Our research has been or is currently funded by ASABAXA Research FundBBSRC, GCRFNERCThe Centre for Ecology and Evolution (London), The Leverhulme TrustThe Royal SocietyThe Royal Veterinary College (London), and Swansea University.



Individuals interact. We use direct observations and high-resolution tracking of individuals, combined with mathematical simulations or agent-based models, to study the mechanisms, adaptive value, and flexibility of social behaviour. Much of this work is conducted with populations of wild chacma baboons in Namibia and South Africa. Testing and refining methodological and analytical approaches is also important to this work. For a summary of the approach we take, see King et al. (2018).




Phenotypic differences among individuals drives the behaviour, structure, and functioning of animal groups. We aim to understand this individual heterogeneity and its social, ecological, and evolutionary consequences. To achieve this aim, we study personality and plasticity of social fish and birds in the lab. For a review of this topic, see Jolles et al. (2019).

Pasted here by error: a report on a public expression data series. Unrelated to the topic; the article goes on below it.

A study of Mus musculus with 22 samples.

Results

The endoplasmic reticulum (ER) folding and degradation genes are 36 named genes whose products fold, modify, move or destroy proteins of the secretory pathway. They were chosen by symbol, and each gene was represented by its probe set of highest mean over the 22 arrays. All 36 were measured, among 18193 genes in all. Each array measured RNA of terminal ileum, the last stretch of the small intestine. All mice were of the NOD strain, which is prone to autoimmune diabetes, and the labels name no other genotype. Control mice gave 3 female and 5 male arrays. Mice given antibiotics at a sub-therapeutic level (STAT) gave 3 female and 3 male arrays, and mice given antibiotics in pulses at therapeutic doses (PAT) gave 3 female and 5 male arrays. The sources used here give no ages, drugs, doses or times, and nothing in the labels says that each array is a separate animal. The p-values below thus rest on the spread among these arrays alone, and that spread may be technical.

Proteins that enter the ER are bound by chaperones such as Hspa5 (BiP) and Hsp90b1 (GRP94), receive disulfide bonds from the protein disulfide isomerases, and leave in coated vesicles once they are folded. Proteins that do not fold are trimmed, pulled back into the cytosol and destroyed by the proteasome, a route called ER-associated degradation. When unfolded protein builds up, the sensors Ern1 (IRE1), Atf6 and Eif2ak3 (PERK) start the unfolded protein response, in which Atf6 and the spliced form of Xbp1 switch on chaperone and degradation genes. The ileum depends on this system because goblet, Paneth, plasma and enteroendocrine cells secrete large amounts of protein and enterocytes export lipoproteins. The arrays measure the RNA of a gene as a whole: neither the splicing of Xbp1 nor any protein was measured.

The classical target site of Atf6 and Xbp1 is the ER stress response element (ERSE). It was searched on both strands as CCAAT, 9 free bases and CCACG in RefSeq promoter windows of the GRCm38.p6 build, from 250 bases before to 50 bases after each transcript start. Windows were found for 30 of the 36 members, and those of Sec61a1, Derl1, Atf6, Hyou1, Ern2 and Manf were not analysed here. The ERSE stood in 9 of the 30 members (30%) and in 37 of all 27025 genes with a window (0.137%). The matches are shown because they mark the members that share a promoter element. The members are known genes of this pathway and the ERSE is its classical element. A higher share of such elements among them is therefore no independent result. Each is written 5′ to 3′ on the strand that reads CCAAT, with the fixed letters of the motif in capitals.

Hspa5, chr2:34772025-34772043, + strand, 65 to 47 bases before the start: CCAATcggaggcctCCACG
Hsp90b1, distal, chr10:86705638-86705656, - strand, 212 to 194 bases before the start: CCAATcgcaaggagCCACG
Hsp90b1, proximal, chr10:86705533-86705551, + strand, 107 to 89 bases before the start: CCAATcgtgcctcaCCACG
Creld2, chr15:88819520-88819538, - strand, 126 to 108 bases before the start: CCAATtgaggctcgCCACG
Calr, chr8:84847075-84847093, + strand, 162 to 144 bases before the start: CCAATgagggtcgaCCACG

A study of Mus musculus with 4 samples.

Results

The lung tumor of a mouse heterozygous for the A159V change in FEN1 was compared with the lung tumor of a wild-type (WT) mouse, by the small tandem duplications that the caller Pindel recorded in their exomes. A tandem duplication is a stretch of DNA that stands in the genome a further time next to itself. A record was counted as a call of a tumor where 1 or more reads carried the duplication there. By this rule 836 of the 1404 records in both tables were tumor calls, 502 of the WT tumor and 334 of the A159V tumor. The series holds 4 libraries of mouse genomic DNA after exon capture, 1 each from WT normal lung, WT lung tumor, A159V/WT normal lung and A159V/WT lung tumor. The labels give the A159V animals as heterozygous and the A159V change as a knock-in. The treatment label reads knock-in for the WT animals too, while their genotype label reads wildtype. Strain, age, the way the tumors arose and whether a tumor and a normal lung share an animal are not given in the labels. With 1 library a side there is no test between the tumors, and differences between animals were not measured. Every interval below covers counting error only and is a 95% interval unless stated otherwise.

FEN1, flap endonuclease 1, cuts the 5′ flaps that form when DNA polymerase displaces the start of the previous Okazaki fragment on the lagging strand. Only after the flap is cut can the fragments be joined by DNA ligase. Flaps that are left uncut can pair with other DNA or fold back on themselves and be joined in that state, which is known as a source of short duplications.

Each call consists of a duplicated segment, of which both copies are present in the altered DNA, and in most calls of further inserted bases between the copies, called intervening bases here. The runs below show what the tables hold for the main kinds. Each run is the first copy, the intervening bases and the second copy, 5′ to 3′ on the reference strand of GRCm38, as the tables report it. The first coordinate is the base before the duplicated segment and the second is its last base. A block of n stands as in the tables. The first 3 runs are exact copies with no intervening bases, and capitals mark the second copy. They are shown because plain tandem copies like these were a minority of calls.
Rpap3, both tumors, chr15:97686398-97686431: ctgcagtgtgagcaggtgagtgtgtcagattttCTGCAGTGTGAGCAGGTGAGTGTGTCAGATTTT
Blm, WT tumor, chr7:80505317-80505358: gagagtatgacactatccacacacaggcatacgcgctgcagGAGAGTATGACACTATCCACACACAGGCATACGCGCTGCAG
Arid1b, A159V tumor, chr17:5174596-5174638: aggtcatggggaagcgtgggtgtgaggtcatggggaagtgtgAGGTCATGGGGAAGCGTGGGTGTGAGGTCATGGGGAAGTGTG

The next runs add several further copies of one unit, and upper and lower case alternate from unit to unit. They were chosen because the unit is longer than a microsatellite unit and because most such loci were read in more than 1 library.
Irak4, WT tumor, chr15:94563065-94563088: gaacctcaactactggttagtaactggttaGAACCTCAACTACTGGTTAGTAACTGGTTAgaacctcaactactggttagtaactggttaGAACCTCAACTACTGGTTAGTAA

We investigate how animal behaviour is organised in space and time. Much of our work in this area has a strong applied theme. For example, we have developed tools for assessing the scale and nature of N pollution arising from sheep-grazed pastures, shown that ocean acidification does not cause behavioural alterations in fish, and described adaptive space-use by baboons in response to management interventions in Cape Town.


And Leadership


Groups of animals need to make collective decisions about what to do and when to do it, if they are to remain as a cohesive group. We study the various ways such group decisions can be made and are particularly interested in how leadership has evolved as a fundamental means to solve coordination problems and resolve within-group conflict of interest. We have studied leadership and group decisions in fish, sheep, goats, African wild dogs, baboons, and humans. For a short review on leadership, see King et al. (2009).